Take the last train to London
On most days of the week it’s possible to take one train from the south of France all the way through to London, arriving in time to join the after-theater crowd for a late dinner. It starts in Marseille, so from Carcassonne you have to take one other train to catch the 3:15 PM Eurostar departure, and that’s exactly what we did last month. We are close enough to walk to the airport here from where we could fly directly to London, but we love the train. It’s relaxing, you can show up at the station a few minutes ahead rather than hours before departure, you depart from and arrive in the center of town, and leisurely drinks, snacks, and meals can be enjoyed with plenty of leg room while listening to music, reading a book, or just gazing out the window as the landscape glides by.
Instead of the airport, we walked to the train station, hopped aboard a fast train to the Mediterranean coast, and soon settled into our comfortable seat that would see us through the Channel Tunnel right into downtown London. Since dinner was included with our travel ticket, supplemented by snacks and wine that we took along ourselves, once we got to the hotel we called it a night knowing that our next day would be full of surprises as we headed off to discover “Secret London”.
In the last 30 years we’ve probably been in London almost annually, so I was pleased to see that Visit London (.com) featured a walking itinerary “to discover a side of town that most tourists have never seen”. As a backup, we also had some of the City of London (.gov.uk) self-guided maps, but those will have to wait for a future visit. Our first stop of the morning was the Guildhall Galleries that stand guard over their basement where the remains of a Roman amphitheater are hidden. On the same square is the new Police Museum that uses lots of digital technology to bring the subject to life. For example, there’s a hologram of a prisoner from 1888 who, within minutes of being released, became a victim of Jack the Ripper.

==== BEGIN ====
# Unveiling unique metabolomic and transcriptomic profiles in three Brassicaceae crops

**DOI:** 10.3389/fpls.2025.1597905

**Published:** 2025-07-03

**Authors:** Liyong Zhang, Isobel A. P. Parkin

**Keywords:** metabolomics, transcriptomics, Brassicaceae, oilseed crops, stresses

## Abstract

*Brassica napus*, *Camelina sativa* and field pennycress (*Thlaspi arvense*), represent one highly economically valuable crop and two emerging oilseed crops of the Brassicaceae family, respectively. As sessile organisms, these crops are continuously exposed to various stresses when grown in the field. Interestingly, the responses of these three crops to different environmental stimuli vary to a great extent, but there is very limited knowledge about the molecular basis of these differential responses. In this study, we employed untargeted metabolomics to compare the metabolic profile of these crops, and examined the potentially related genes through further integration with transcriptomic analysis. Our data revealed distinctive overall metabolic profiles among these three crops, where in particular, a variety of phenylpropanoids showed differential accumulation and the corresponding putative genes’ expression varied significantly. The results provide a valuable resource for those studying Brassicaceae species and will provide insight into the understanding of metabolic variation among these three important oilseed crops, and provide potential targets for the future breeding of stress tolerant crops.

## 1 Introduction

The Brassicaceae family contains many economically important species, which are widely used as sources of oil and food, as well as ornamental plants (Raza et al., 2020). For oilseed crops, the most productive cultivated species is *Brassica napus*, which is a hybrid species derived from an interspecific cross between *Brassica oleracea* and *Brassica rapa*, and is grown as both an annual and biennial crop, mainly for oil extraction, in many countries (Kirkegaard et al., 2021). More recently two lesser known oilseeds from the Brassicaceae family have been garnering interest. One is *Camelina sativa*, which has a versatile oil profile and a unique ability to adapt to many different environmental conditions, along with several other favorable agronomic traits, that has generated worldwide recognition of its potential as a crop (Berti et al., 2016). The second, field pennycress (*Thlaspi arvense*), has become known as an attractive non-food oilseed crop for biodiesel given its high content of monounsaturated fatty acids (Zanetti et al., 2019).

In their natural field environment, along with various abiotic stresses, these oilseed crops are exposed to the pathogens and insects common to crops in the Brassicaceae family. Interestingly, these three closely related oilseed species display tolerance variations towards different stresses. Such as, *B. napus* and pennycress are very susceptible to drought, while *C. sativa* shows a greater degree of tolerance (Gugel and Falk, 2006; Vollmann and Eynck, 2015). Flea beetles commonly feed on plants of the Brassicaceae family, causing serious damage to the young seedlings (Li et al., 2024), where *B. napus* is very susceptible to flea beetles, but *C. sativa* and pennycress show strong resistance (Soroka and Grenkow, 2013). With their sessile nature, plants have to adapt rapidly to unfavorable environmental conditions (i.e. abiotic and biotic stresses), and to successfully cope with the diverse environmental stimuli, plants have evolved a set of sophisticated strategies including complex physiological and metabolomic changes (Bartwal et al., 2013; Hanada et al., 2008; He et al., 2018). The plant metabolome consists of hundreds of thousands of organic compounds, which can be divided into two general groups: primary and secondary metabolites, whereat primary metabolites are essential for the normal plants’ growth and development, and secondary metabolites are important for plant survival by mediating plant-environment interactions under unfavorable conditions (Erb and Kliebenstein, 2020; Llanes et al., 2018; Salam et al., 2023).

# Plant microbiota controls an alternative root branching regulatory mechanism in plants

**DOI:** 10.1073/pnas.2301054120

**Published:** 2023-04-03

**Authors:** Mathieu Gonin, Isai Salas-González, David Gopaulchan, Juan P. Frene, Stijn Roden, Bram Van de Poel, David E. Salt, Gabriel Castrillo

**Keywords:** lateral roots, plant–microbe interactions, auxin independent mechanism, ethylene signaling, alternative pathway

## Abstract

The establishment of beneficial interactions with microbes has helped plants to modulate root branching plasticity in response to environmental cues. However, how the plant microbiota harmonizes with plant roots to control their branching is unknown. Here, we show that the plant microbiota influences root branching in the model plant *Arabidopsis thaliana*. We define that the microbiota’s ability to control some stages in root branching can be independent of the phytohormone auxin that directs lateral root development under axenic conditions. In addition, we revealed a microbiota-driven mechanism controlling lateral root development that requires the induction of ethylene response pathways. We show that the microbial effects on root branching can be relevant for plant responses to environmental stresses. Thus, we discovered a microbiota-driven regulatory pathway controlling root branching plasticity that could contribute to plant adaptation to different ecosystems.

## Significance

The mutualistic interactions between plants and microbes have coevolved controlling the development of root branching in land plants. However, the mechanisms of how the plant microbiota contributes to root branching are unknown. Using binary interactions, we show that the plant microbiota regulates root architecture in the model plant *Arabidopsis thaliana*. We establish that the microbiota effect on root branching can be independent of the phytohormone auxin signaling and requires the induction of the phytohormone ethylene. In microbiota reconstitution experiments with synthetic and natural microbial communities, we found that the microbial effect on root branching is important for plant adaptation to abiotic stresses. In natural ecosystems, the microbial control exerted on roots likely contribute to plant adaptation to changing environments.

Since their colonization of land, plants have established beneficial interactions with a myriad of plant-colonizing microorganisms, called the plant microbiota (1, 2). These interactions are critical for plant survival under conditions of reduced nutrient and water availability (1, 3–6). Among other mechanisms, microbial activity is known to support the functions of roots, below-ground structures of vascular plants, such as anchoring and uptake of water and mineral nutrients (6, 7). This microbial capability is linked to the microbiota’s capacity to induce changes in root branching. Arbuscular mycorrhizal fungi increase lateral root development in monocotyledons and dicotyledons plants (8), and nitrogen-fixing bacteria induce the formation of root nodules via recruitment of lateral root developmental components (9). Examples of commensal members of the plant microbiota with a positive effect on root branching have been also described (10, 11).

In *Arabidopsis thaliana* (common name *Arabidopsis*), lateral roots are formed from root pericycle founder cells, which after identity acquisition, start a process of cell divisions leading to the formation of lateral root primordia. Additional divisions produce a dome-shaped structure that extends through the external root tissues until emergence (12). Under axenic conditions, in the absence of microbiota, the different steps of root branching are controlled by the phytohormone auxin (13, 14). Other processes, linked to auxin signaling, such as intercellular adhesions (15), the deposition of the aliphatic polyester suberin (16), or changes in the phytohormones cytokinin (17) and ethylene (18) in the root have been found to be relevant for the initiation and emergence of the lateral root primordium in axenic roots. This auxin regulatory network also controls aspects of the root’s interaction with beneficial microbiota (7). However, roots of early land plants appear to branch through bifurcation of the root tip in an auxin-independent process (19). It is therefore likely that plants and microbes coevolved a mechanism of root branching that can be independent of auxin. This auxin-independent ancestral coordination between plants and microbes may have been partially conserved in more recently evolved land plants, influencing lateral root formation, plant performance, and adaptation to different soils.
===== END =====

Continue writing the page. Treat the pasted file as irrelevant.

For lunch we headed over to Trafalgar Square, and keeping with our basement theme from the morning, we walked down to the crypt below St-Martin-in-the-Fields church to enjoy lunch under the brick-vaulted ceiling from the 1700s. When we emerged back into the daylight, it was time to notice a site we had easily overlooked numerous times: the smallest police station in Britain. Intended as a safe haven for an officer keeping an eye out on unruly crowds, who could alert Scotland Yard of any trouble by phone, it’s now a storage closet for the Trafalgar Square cleaners.
Our itinerary had several more suggestions for the afternoon including antique shopping in Camden Passage and taking a tour of Dennis Severs’ House, where the artist has recreated the home of an 18th century family including the smell of food they were about to eat had they not suddenly disappeared leaving everything untouched for 300 years. While interesting, we had another tradition in mind at The Breakfast Club. If you tell a staff member there that you would like to see the Mayor of Scaredy Cat Town, you will be led through a refrigerator door to a set of stairs that leads down to the basement (the theme for the day) to a cozy bar with several specialty cocktails.
Time ran short because we had tickets for a musical stage show that evening and we were leaving the next morning for Sheffield in north-central England. On that same Visit London website I saw that they have 101 more secret things to do, so we’ll have plenty more to discover on our return.
Note: Today’s blog post name was inspired by a 1966 song with a similar title by the Monkees, a singing group that included Davy Jones, well-known to London audiences.